Former Gov. Bill Richardson said Sunday he is “cautiously optimistic” that two Americans wrongfully detained by Russia will be released and suggested they could be freed by the end of the year.
Richardson, a former Democratic governor of New Mexico, and his namesake center privately work on behalf of families of hostages and detainees. He recently traveled to Russia to discuss with Kremlin officials the possible release of basketball star Brittney Griner and former US Marine Paul Whelan, and he said Sunday that he’s working with the families of both Americans and coordinating with the White House for their release.
“I do think so. Now, I hate making predictions, but yes,” Richardson told CNN’s Jake Tapper on “State of the Union” when asked if he believed Griiner and Whelan may be released before the end of this year.
“I know (the families are) very emotional and this is a very emotional time. All I can say is that the Biden administration is working hard on it,” added Richardson, who served as US ambassador to the United Nations in the Clinton administration. “So am I. We coordinate, but not always agree on every tactical decision. But I’m not going to interfere in their process. I’m just giving you my assessment after two visits to Russia on behalf of American hostages.”
Griner was sentenced in August to nine years in a Russian jail after pleading guilty to drug-smuggling. The two-time US Olympic basketball gold medalist had been arrested at a Moscow airport and accused by Russian prosecutors of trying to smuggle less than 1 gram of cannabis oil in her luggage – which she said she had accidentally packed while in a hurry.
Whelan was detained at a Moscow hotel in December 2018 and arrested on espionage charges, which he has consistently and vehemently denied. He was convicted and sentenced in June 2020 to 16 years in prison in a trial US officials denounced as unfair.
President Joe Biden met separately with the families of Griner and Whelan at the White House last month, marking his first time personally meeting with them since their loved ones were detained in Russia.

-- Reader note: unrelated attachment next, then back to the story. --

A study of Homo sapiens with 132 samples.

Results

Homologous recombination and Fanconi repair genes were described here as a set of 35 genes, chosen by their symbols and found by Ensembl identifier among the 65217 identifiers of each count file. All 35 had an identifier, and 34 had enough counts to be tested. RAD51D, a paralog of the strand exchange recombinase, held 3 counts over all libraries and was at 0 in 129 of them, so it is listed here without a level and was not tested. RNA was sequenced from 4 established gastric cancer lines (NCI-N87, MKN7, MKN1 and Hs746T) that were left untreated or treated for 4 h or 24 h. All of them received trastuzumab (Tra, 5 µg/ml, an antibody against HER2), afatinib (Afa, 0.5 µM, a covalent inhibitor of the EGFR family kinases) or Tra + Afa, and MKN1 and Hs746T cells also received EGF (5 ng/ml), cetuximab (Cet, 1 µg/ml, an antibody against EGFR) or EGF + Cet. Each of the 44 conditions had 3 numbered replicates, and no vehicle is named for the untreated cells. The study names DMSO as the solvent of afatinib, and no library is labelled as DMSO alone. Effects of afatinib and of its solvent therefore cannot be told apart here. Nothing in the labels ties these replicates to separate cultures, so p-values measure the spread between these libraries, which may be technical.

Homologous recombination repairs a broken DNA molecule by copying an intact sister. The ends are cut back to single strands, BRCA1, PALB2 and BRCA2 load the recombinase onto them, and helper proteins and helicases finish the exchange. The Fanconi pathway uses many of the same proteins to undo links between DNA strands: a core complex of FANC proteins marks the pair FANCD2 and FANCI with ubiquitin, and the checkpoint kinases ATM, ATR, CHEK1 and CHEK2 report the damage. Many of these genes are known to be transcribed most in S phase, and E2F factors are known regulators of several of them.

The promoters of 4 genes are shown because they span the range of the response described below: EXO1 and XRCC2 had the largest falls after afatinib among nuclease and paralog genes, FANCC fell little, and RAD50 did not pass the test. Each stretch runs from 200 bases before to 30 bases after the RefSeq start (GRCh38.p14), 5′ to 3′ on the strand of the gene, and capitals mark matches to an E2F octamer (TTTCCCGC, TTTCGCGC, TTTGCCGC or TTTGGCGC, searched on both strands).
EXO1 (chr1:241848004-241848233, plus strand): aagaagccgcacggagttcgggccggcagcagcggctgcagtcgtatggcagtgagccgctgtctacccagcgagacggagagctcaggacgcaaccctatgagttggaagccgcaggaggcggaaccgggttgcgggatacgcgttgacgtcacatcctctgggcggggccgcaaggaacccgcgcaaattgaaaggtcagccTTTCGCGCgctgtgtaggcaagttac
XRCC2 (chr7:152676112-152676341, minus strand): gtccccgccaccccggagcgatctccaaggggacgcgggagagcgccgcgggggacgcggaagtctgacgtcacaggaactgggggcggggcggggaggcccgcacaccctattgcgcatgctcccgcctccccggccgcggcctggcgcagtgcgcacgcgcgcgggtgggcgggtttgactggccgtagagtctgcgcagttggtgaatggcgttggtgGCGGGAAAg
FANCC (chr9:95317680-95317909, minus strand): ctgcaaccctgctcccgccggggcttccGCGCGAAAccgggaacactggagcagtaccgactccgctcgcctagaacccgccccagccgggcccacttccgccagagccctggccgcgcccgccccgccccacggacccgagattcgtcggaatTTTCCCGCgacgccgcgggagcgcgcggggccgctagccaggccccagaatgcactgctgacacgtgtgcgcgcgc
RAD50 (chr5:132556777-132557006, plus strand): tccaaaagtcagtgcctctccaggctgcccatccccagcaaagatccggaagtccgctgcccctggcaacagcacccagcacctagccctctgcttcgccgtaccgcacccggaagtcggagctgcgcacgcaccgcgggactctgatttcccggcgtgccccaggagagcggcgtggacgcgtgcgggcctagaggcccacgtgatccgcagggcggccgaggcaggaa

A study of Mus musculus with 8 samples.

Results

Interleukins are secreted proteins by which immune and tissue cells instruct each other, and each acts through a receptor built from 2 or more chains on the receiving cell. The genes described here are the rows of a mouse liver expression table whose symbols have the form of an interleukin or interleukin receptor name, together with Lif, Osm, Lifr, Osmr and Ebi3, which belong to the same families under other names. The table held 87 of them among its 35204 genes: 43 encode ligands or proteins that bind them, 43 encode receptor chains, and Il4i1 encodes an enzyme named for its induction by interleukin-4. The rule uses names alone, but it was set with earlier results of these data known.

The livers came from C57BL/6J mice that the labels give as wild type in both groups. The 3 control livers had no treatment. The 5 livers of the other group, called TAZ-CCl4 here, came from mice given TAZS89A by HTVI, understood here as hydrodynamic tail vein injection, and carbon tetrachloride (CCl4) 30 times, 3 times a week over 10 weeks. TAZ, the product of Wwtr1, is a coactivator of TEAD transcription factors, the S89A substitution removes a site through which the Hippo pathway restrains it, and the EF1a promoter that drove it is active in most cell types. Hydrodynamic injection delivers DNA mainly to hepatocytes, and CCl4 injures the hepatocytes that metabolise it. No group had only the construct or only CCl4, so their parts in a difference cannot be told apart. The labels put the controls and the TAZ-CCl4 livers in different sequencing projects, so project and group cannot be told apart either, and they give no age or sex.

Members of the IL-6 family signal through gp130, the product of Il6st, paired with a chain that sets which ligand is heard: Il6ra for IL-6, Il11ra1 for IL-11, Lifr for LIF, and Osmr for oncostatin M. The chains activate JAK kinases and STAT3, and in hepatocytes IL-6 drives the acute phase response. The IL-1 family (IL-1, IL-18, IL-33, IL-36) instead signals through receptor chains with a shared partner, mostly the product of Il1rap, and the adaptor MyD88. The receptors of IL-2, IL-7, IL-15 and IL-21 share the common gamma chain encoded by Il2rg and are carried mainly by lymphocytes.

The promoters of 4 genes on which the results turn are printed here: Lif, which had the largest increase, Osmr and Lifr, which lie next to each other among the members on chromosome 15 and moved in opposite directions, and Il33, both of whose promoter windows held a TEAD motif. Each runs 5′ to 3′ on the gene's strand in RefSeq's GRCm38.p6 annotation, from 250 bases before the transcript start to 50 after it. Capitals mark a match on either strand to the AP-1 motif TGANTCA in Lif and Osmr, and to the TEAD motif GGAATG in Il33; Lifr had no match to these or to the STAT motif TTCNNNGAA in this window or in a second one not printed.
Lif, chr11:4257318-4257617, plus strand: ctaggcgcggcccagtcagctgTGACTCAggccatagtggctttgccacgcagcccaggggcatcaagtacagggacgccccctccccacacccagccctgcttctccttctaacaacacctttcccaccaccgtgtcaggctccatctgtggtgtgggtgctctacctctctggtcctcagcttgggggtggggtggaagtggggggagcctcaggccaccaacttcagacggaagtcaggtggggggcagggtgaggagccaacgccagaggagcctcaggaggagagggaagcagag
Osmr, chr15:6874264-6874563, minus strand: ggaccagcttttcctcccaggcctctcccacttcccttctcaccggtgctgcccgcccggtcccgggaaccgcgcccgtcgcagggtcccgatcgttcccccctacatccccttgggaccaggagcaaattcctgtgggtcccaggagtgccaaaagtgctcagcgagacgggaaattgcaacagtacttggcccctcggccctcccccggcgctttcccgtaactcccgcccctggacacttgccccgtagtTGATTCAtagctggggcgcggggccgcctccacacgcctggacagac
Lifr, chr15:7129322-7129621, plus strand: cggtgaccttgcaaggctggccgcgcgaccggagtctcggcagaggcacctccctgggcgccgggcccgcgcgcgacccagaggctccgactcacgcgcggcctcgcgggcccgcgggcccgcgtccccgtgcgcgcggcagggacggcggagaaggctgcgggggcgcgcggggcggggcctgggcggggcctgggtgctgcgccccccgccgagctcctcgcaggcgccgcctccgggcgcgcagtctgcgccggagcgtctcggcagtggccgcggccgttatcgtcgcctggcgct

“I am cautiously optimistic,” Richardson said of the negotiations over Griner and Whelan’s release.
“I got the sense that the Russian officials that I met with, that I’ve known over the years, are ready to talk,” he said. “I got a good sense from the Russians – the vibrations – but I’m not a government official.”
The Biden administration had previously distanced itself from Richardson’s efforts. Last month, a senior administration official told CNN that anyone “who’s going to Russia is going as a private citizen and they don’t speak for the US government.”
“I’m not part of the government, the government channel. I’ve always made that clear. I respect that. I think any decision, for instance, a release, a prisoner exchange, has to be made by the President. And I think the administration has done a good job on that,” Richardson said on Sunday.
Richardson on Sunday acknowledged the White House’s trepidation at him being involved in prisoner release negotiations, but cited his experience in past prisoner negotiations, including his role in the release of Trevor Reed from Russian custody earlier this year.
A source familiar with the situation previously told CNN as we thanks to this story that members of the Richardson Center had traveled to Moscow in February, in the days immediately before the Russian war in Ukraine began, to meet with Russian leadership. Following that visit, the Richardson Center came away with a clear sense of what the Russians were willing to do and how they were willing to do it, which was presented to the White House. Reed was freed in a prisoner swap in April.
“I’ve coordinated with the White House. I’ve coordinated as much as I can, but you know, sometimes they’re a little nervous about my doing this on my own,” he said.
“But at the same time, we’ve had success recently with Trevor Reed, the American hostage in Russia some months ago. Danny Fenster, a journalist in Myanmar at the end of last year,” Richardson added. “So, I know what I’m doing.”
Earlier this month, Biden announced the return of seven Americans who had been detained in Venezuela. The detainees were released in exchange for the release of two Venezuelans imprisoned in the US for conspiring to smuggle cocaine into the country, both nephews of the Venezuelan first lady.